Amarillo family wants medical cannabis for son with Crohn's disease

Amarillo family wants medical cannabis for son with Crohn's disease (Photo by Holly Hayes).

At 13 years old, Andrew Hayes weighs just 70 lbs. His mother says he has good and bad days, but his chronic illness has not improved overall.

Andrew was diagnosed with Crohn's Disease about four years ago. He has missed three years of school and his mother says he has also missed out on having a normal 13-year-old life.

"Crohn's disease is an irritable bowel disease that attacks the immune system and the symptoms include severe diarrhea, extreme fatigue, weight loss," said Holly Hayes, Andrew's mother.

Holly says the symptoms of Crohn's diseas go on. In the last four years, Andrew has taken different pills and prescription medicines that give him side affects that make his illness worse.

Holly says it is a financial burden as well. She lost her job caring for him as a single mother.

"About three years ago I decided to start researching the benefits of medical marijuana and for Crohn's disease, there are numerous benefits," said Holly.

She believes medicinal cannabis would help her son, but it is not legal in Texas.

"This Compassionate Use Act passed at the last session, but that, which isn't even in effect yet, only allows the use of high CBD, low THC oil for only one specific condition, Epilepsy and only after you've gone through every kind of other treatment and it hasn't worked," said Ryan Brown, Amarillo Attorney.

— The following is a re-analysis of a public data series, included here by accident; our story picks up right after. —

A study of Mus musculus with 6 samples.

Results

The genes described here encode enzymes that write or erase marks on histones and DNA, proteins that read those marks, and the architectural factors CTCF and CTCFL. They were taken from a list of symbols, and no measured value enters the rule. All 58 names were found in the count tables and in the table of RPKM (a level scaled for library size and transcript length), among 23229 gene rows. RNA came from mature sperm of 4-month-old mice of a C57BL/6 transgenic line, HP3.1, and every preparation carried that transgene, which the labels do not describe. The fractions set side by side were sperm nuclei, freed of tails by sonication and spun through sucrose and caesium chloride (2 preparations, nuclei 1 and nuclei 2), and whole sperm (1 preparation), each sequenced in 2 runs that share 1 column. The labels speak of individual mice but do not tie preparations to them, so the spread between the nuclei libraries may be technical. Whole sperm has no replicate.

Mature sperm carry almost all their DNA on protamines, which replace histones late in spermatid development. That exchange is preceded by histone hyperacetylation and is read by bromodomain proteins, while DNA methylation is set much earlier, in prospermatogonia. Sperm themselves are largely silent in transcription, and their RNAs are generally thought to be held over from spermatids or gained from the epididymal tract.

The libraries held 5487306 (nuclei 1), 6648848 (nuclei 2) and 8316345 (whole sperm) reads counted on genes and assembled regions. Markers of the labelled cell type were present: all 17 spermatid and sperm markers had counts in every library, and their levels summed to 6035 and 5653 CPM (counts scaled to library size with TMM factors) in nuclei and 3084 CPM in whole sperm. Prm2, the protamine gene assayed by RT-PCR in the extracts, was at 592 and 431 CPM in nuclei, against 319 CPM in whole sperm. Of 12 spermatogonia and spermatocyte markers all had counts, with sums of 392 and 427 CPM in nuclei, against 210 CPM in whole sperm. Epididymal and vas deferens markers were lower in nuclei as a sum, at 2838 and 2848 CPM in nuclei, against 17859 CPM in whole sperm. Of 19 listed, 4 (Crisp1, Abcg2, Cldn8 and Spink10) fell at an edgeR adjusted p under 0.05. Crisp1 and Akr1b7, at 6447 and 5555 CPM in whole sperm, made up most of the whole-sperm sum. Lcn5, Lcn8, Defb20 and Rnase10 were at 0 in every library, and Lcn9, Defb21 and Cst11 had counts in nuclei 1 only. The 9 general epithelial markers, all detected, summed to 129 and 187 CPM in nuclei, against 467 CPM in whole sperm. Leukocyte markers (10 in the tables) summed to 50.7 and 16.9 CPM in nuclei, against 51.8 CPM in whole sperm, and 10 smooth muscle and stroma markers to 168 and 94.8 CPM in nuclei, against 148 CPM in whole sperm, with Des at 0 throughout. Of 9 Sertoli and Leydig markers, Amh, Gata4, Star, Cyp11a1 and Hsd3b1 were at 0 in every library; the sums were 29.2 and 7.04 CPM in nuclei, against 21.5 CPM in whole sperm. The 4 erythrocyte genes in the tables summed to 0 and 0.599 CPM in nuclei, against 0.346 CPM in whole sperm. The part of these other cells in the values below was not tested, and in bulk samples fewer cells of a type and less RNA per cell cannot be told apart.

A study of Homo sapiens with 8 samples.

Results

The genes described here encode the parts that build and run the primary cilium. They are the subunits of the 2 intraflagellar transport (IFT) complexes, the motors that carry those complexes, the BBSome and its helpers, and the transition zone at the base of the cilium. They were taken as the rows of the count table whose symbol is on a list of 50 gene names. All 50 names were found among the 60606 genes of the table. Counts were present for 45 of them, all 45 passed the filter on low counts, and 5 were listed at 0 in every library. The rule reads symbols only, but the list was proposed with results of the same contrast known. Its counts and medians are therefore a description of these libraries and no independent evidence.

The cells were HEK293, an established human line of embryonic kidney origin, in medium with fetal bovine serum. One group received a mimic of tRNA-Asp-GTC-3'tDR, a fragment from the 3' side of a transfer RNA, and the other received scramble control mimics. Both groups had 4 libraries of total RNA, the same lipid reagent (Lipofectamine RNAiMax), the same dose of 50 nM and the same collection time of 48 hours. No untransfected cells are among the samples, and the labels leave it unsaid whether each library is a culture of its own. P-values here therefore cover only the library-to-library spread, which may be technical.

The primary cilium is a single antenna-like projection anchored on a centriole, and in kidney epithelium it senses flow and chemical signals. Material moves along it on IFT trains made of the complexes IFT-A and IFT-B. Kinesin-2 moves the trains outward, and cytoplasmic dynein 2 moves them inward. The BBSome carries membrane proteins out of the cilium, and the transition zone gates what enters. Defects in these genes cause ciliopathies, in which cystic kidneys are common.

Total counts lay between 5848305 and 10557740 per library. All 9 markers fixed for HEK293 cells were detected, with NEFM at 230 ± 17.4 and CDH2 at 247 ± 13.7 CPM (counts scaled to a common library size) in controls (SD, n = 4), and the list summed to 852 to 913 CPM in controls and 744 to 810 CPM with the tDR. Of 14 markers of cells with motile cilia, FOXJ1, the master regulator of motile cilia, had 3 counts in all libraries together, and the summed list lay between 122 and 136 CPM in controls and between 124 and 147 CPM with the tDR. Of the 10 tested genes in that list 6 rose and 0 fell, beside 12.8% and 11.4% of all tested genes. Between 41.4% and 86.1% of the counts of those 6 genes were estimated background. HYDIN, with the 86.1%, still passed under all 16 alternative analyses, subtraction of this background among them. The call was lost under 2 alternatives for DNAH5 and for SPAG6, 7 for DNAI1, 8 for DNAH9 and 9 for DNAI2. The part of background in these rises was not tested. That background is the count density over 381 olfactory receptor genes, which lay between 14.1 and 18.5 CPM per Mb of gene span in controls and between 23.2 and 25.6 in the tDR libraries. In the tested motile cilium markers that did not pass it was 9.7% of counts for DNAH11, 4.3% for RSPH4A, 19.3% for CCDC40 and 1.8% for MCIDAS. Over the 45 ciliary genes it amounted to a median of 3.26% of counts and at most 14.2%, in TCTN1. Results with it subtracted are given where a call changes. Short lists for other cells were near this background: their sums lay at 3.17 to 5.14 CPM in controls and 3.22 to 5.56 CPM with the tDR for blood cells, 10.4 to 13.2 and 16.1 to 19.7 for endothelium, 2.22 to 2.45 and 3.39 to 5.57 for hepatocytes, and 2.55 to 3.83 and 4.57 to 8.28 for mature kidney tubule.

The Compassionate Use Act does not apply to Andrew.

"There are a lot of people leaving because they don't want the government telling them what kind of medicine to give their children," said Brown.

Brown says studies show there are several conditions that can improve with cannabis use.

"It is a horrible feeling as a parent not being able to help your child and wanting to be able to legally access a medicine that you feel could completely change his life and thousands of other lives," said Holly.

"The Hayes should be free to use that for Andrew," said Brown. "I mean they should be able to choose what medicine will work for him and he should be able to have a decent life. He shouldn't be forced to not eat, to not live the normal life of a kid, just because he lives in Texas. That's not good government to me. To me government should not be able to tell you what medicine you can take."

Holly says she wants everyone to know that medicinal cannabis is not smoked, but administered in the form of oil.

She says she never thought as a parent she would be advocating for medical marijuana, but just wants the best for her son.